Exploring the hounds of the heavens

  • By Mike Lynch
  • Friday, March 11, 2016 5:23pm
  • Life
Exploring the hounds of the heavens

Without a doubt, one of the best group of constellations in the night sky is what I lovingly call “Orion and his Gang.” The majestic constellation Orion is surrounded by a bevy of bright stars and constellations. I’ll say without any hesitation that it’s my favorite part of the night sky and makes winter stargazing worth bundling up for.

Even if you don’t notice much of the starry show going on over your head every clear night, you still have to be at least mildly impressed with Orion’s gang in the southern evening sky. Surrounding the mighty hunter with his cinched belt of three bright stars in a row are the bright constellations like Taurus the Bull, with the bright Pleiades star cluster; Auriga the Chariot Driver turned goat farmer; Gemini the Twins; and Canis Major and Canis Minor, the Big and Little Dogs. The hounds of the heavens are found to the lower left of Orion.

Canis Major and Minor are not the only doggy constellations in the sky. There’s also Canes Venatici, the Hunting Dogs, but it’s a very minor constellation that is very low in the northeastern sky this time of year, just a little to the right of the Big Dipper’s handle. Canis Major and Minor will give you a lot more bark and bite, especially the big dog of the sky, Canis Major.

Canis Major is one of those select constellations that actually resembles what it’s supposed to be. It really looks like a dog up on its hind legs, begging for food at the foot of his master, Orion. Sirius, the brightest star in the night sky, marks the cold nose of the big pooch. The next brightest star you see just to the right of Sirius is Mirzam, which denotes the elevated front paw. To the lower left of Sirius there’s a nearly perfect triangle of stars that marks Canis Major’s hind end, his back paw, and his tail.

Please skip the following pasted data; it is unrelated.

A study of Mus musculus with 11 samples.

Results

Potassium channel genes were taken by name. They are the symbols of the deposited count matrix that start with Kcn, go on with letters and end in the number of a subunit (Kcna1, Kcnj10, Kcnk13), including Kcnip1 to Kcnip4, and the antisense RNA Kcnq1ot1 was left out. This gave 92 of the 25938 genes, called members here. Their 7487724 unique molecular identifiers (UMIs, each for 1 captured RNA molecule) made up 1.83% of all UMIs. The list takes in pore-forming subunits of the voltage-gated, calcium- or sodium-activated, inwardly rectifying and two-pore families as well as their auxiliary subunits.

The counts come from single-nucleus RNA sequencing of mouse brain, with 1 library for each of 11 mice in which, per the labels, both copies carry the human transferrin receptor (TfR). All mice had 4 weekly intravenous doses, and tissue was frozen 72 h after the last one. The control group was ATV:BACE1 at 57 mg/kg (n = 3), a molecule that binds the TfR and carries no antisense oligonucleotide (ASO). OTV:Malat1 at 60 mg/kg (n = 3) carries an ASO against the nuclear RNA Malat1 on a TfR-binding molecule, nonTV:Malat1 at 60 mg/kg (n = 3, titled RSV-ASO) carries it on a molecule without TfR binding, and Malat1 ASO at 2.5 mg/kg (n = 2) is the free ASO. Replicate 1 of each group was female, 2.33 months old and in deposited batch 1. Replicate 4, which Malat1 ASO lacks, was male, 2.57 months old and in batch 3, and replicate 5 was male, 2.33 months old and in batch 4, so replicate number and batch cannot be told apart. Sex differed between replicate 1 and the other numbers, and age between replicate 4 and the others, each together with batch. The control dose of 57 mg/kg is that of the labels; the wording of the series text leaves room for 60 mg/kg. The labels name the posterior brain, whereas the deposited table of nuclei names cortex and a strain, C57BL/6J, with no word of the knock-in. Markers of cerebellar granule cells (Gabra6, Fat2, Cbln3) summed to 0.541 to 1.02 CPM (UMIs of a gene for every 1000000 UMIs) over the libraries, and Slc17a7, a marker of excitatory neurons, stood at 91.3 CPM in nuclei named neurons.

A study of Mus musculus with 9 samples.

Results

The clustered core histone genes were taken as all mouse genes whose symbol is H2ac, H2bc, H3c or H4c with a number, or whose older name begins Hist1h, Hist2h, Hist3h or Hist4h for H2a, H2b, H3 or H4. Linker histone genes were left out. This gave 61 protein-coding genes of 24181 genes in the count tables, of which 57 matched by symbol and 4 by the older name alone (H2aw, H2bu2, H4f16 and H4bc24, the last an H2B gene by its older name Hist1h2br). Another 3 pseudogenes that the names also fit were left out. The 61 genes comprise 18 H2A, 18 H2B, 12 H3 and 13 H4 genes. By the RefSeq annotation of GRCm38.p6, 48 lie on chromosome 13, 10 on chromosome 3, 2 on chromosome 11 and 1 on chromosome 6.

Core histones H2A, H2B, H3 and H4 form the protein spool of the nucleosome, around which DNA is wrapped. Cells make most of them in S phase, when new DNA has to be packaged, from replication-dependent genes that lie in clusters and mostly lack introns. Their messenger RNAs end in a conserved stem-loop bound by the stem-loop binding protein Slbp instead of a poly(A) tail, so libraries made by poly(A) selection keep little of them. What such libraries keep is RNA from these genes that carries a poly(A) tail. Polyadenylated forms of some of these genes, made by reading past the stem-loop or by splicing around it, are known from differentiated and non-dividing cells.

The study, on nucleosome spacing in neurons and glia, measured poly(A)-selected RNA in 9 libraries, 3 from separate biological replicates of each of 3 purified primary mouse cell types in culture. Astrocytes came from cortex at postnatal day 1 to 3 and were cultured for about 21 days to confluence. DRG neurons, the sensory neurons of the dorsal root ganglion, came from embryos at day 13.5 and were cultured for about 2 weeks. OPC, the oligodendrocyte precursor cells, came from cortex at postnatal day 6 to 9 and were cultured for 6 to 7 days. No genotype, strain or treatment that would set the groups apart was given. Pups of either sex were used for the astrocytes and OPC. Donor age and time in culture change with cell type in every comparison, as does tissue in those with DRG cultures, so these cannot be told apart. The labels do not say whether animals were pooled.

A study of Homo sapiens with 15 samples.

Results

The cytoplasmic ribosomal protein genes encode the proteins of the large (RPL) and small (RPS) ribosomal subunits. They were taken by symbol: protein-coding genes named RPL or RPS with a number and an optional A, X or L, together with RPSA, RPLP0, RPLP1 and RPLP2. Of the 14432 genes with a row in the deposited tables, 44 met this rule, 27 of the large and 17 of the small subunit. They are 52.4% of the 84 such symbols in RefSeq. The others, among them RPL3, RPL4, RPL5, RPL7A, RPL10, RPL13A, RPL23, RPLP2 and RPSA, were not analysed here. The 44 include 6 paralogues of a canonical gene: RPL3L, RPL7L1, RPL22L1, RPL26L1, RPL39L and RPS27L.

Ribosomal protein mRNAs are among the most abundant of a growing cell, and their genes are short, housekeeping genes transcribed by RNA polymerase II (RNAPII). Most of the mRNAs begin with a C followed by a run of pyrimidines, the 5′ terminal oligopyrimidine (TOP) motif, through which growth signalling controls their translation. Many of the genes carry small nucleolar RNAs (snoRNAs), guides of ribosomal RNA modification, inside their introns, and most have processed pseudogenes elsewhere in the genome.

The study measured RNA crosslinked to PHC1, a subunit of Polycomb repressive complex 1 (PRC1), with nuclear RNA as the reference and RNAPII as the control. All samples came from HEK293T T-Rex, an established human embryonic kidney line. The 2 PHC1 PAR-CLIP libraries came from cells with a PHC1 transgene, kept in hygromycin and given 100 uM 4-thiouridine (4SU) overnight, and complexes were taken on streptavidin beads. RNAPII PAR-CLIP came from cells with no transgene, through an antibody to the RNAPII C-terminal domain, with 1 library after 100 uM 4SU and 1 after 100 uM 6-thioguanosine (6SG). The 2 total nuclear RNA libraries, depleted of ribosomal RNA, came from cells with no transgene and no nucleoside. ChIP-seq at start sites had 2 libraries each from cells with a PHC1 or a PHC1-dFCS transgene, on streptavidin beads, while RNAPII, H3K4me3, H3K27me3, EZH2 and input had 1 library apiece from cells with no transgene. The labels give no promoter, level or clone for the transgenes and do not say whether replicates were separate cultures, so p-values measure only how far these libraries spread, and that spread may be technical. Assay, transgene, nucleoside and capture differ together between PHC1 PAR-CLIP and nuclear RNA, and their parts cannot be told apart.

The star Aludra at the tip of the tail is one of the more distant naked eye stars in the night sky at over 3,200 light-years away, with just one light-year clocking in at nearly 6 trillion miles. If you see a star like Aludra that’s so far away, common sense tells you straight away that you’re looking at one gargantuan star, and in fact, most astronomers believe Aludra is over 28 million miles in diameter. Our own sun isn’t even 1 million miles in diameter. Aludra also kicks out more than 100,000 times the light of our sun.

As impressive as Aludra’s stats are, the star that really gets your attention in Canis Major is Sirius, the brightest star in the night sky. Sirius is a Greek name that translates into English as “the scorcher”. Its brilliance is chiefly due to its close proximity to us, relatively speaking. The big shiner is only 8.6 light-years away, or about 50 trillion miles away. Sirius is about twice the mass and twice the diameter of our sun. A fun thing to do with Sirius is to look at it with a small telescope or even a pair of binoculars, especially when it’s really low in the sky and its light has to pierce through more of Earth’s atmosphere. That causes the light to scintillate violently, making it flicker with all of the colors of the rainbow, kind of like a cosmic kaleidoscope.